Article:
The New York Times and Teenagers
My wife and I both grew up in New York City, and though it was in different decades in different boroughs, we had one common experience: starting in elementary school, teachers who got us to read articles in The New York Times. Being a Times reader meant being older, aware, in on real information – identities both of us were eager to claim. So I was pleased to learn about Upfront – the collaboration between the Times and Scholastic which is aimed at modern teenagers and their teachers tinyurl.com/knyflv. (if you want to type than in yourself, it is upfrontmagazine.com)
The magazine has turned 10 and is using the anniversary to call attention to itself, so I had the chance to see a couple of issues (you can read a good deal on the website, and they will send a free sample if you call Scholastic) and to interview Elliott Rebhun, its publisher and main editor. The publication culls pieces from the Times it think will engage teenagers while also serving teachers (that’s about 75% of its content) and they commission a few new lead pieces from Times reporters.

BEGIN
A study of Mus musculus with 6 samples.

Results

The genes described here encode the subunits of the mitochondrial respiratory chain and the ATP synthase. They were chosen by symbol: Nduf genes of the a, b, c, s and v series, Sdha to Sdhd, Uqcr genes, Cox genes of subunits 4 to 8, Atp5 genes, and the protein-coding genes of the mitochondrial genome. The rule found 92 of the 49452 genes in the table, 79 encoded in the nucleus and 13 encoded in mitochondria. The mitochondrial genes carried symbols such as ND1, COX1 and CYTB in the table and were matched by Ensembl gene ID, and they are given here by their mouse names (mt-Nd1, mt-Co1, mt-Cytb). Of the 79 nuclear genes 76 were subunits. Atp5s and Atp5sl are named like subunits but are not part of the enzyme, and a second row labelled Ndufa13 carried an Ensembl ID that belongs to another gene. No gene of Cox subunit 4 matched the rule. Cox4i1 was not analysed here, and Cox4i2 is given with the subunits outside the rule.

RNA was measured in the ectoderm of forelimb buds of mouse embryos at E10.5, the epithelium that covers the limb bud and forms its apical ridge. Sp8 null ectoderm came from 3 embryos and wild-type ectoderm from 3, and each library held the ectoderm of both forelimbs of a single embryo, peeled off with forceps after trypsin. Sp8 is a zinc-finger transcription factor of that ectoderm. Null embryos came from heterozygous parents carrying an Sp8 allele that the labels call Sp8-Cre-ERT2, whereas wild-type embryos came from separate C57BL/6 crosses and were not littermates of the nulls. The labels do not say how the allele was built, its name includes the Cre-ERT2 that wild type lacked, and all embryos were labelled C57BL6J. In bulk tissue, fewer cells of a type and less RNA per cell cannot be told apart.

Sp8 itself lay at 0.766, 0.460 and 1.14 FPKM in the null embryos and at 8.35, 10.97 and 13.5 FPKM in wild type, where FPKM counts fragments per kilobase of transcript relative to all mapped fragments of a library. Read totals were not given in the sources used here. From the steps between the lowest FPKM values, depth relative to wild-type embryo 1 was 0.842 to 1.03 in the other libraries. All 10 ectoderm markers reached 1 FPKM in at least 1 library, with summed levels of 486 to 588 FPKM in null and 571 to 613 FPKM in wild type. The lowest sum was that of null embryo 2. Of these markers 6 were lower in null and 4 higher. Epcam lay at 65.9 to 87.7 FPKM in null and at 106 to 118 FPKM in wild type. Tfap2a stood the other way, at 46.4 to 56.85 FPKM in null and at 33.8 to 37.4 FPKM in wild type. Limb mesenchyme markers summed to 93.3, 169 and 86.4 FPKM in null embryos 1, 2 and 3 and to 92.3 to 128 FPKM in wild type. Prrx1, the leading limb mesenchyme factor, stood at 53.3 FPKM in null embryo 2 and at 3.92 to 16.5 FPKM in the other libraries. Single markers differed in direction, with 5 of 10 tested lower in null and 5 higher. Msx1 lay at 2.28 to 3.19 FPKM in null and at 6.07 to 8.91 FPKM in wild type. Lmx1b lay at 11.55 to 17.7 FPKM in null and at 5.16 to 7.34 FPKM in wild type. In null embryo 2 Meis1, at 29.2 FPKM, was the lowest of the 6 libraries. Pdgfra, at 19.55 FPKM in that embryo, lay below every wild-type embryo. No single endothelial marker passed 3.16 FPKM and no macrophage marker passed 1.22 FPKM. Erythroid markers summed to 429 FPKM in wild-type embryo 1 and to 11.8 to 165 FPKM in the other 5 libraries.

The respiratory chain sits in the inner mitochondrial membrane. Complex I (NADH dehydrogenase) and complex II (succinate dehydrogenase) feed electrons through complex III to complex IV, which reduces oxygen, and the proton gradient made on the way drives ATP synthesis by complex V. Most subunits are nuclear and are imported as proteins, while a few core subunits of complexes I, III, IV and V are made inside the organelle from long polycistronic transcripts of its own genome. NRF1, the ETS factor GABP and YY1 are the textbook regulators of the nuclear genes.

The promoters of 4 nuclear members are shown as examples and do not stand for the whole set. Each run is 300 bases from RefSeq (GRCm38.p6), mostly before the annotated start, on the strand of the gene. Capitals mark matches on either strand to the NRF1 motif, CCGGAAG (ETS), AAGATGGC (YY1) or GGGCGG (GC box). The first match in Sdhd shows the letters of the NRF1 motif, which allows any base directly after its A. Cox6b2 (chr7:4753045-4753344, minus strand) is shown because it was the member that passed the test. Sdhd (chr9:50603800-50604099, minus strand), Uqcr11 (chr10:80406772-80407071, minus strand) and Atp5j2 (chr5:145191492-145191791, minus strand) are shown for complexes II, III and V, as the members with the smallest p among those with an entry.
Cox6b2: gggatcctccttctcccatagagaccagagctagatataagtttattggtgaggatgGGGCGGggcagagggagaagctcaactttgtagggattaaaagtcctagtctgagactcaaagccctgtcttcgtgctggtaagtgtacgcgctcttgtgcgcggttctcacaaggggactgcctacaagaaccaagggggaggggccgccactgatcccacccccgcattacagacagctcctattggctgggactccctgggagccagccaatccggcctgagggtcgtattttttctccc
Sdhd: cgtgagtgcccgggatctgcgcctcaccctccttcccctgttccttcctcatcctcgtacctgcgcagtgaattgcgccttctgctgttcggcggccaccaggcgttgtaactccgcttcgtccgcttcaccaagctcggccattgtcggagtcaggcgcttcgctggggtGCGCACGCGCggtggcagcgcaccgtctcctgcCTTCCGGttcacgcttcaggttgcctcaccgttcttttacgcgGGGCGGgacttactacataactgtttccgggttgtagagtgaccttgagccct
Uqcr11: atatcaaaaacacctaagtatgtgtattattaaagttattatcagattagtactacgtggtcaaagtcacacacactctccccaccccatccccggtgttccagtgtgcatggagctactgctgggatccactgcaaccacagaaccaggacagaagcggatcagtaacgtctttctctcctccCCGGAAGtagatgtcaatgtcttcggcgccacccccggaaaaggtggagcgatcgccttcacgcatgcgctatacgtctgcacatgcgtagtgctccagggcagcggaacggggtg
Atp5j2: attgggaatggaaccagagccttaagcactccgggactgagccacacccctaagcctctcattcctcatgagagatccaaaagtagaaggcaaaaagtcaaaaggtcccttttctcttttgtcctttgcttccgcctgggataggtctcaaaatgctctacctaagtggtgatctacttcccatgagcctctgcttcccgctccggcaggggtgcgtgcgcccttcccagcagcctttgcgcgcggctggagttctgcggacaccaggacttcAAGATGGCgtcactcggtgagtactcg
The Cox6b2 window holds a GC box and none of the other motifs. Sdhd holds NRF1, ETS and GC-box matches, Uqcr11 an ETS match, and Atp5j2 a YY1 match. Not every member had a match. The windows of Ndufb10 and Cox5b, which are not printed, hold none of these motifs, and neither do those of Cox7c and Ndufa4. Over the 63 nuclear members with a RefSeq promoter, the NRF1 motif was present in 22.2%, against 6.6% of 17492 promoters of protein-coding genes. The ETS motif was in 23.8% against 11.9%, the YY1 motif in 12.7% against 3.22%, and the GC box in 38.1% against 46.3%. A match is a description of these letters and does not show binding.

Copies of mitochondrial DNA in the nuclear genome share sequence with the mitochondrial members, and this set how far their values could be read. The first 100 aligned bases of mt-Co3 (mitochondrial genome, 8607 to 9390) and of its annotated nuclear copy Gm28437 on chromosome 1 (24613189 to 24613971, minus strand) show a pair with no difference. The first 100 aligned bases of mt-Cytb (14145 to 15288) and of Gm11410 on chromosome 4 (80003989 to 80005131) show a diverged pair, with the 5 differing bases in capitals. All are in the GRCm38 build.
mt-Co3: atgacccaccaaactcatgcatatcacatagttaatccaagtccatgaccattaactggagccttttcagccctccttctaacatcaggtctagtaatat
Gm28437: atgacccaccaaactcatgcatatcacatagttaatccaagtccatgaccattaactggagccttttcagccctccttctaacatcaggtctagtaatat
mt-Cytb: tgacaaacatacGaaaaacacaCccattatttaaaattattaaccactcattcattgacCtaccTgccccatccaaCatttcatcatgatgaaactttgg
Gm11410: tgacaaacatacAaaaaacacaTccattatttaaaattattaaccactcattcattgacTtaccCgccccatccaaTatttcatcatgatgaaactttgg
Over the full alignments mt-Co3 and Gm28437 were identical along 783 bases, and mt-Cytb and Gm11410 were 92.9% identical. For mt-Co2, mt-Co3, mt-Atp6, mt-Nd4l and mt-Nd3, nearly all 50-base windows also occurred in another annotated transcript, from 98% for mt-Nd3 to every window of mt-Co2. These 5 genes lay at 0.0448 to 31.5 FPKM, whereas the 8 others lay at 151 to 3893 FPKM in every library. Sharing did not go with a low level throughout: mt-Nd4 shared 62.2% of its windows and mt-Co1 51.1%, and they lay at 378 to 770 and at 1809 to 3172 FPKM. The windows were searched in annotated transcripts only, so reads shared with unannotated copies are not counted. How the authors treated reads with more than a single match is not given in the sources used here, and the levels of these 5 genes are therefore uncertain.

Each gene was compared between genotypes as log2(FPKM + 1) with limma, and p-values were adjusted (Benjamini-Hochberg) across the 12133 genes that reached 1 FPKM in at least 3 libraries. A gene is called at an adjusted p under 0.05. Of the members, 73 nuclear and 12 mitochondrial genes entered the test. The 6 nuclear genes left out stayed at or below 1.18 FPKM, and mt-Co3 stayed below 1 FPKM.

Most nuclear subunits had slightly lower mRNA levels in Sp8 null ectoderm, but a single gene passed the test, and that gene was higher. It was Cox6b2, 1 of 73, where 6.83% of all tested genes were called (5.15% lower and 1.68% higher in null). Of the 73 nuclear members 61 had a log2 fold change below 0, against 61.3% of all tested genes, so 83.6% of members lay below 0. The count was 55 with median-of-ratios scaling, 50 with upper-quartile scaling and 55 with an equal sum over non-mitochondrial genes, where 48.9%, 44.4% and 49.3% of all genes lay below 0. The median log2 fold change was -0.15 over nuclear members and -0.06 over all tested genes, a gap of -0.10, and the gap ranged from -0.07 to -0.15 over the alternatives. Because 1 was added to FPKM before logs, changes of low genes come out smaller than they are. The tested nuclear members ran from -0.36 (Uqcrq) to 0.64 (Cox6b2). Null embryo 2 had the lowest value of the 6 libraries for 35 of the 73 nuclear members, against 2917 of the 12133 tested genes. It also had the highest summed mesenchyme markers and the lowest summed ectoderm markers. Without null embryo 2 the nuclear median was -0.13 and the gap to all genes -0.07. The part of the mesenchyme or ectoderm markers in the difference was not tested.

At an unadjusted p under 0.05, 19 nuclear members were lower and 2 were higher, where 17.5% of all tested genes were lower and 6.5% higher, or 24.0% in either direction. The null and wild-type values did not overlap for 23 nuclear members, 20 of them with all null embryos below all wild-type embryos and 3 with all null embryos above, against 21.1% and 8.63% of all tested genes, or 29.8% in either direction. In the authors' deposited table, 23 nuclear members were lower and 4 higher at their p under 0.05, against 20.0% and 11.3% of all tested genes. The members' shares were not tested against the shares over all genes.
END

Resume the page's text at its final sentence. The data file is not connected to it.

In a sense, the magazine’s name is a pun – of course they mean to show teenagers that this publication is direct, truthful. But teenagers are only half their audience. According to their publicity materials, they reach about 20,000 teachers. And that gets to the other meaning of the name: let’s say you are a history teacher and are going to cover something about the Supreme Court. Any textbook offers you Dred Scott. The magazine is covering a current case about whether states can regulate the baggy pants kids wear. The teacher uses the current issue as a kind of front end, a hook, to engage her students, then she can swing into the material she needs to cover.
Take a look and tell me what you think. The magazine seems like a real opportunity to me – especially for those of us who write or publish nonfiction for these same teenage readers. Elliott said they do take book ads – listen up publishers – and I’d love to see them run Times reviews of YA books, or even offer downloads of a chapter or two of our books. Let’s hope this helps create a new generation of Times readers.